E-I-E-I…Oh.

When I started at the local U.S. subsidiary HQ of a big German electronics conglomerate, I was amazed at how many local native English speakers could say the name of our company without flinching (hint: rhymes with “Beemans”), but were always unsure how to pronounce transplanted-from-Germany names if they contained an EI or IE vowel combination.

It’s really not hard in German. But given the

I before E, except under plenty of totally arbitrary circumstances

maxim many of us learned while trying to master the English spelling of achieve and receive and believe and onomatopoeia, perhaps you can’t blame the native anglophones for being a little wackelig about the sounds E and I make when used together in other languages, too.

It breaks down like this: for any EI or IE or AI combination, as in

    EI

  • Ei
  • Reis
  • Gleis
  • Preis
  • Maisel’s Weiße
    IE

  • Diebstahl
  • Miete
  • Prien am Chiemsee
  • wieder
  • zufrieden
    AI

  • Kaiser
  • Main
  • Maisel’s Weiße
  • Waisenkind

All you have to do is say the English name of the second vowel.

Wait… What?

It’s true. For any German word, this rule holds true. All bets are off on imported words, or words like Familie, where the I and the E are forming different syllables.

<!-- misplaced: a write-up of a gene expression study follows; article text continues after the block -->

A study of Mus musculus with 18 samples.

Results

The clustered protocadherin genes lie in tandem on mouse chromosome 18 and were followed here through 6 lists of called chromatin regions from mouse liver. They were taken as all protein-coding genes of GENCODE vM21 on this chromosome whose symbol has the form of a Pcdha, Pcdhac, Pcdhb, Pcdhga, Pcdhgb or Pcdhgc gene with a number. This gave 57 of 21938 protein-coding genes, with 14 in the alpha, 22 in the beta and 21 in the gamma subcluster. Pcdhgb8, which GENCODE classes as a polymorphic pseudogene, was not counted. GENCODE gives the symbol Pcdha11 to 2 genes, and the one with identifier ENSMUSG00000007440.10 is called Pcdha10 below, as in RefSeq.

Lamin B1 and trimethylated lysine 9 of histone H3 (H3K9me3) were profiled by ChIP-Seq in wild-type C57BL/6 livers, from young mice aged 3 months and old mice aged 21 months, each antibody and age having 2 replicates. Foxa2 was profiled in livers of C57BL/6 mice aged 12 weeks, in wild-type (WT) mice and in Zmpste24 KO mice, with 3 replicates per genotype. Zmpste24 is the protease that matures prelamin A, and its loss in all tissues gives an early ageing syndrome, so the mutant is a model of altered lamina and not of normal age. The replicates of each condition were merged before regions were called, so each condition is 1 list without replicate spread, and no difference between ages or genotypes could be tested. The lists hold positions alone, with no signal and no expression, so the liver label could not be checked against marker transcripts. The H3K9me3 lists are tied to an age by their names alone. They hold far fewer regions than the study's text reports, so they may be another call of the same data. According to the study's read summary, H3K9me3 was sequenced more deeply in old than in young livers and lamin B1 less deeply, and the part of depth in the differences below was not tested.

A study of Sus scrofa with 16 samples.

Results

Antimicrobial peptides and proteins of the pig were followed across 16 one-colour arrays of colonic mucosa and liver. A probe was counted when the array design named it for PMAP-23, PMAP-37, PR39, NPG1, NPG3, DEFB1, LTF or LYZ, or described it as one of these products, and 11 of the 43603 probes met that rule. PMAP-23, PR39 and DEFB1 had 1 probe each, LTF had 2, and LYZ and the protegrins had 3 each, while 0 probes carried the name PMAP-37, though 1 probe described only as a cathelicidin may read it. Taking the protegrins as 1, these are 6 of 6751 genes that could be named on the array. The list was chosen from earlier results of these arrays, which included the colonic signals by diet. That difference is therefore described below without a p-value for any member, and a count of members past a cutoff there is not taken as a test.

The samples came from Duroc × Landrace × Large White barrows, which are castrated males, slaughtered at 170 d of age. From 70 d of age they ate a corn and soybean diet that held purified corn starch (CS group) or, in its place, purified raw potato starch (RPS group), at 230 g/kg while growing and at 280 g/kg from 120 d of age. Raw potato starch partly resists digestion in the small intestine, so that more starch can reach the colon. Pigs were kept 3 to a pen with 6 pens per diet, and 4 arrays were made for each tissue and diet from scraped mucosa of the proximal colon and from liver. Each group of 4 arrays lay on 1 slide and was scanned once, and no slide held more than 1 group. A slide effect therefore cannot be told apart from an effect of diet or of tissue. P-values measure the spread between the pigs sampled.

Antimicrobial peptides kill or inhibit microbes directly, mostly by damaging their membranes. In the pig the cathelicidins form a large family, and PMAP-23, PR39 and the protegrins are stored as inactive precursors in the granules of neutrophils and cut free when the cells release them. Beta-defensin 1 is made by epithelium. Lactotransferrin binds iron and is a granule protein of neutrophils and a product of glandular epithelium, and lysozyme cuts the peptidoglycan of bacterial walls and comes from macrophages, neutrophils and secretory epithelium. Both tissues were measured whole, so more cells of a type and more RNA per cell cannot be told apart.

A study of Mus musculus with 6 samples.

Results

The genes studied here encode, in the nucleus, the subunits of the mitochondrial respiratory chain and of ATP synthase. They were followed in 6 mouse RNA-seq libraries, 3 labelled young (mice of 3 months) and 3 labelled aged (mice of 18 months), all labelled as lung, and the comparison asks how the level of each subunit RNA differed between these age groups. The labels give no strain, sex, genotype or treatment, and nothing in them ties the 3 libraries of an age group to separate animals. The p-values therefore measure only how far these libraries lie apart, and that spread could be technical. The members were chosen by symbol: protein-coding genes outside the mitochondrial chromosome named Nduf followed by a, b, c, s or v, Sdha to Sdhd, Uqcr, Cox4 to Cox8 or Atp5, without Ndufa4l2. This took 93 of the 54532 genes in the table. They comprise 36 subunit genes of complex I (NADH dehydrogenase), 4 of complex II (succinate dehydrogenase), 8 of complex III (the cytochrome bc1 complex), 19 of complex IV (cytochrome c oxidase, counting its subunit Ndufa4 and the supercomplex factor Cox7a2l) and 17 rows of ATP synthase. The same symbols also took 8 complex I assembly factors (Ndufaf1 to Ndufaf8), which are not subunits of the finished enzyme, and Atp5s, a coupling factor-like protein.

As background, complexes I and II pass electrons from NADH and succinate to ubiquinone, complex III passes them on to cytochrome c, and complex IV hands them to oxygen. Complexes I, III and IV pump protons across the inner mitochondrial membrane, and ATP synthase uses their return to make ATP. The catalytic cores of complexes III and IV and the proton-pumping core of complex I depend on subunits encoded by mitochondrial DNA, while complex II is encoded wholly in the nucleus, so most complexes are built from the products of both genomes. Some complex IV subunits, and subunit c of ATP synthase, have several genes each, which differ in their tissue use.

OK, but what about the Y combinations, smart guy?

Please recall that in many languages (at least two come to mind), a Y is nothing but a Greek I (por ejemplo, “i griega” en el español). So that’s why all the many ways to write the name

  • Maier
  • Mayer
  • Meier
  • Meyer

result in the same pronunciation. Treat those Y’s like I’s, and the rule holds true again — as well as the caveats. Pronounce the AY in Haarspray like the English word spray (but not the Haar, natch!). Oddly enough, we have heard “okay” pronounced in German by Germans in informal situations as “okai” (rhymes with “eye”) when indicating a resolution to an open question or acknowledging that a process has reached its logical conclusion (at least for the present). Not sure what that’s about.

What’s the big deal if you get IE and EI mixed up in practice? Probably nothing. But if you don’t know the difference between Spieß and Speis, schießen und scheißen, then you’ll sound pretty silly. Especially if you goof up scheißen.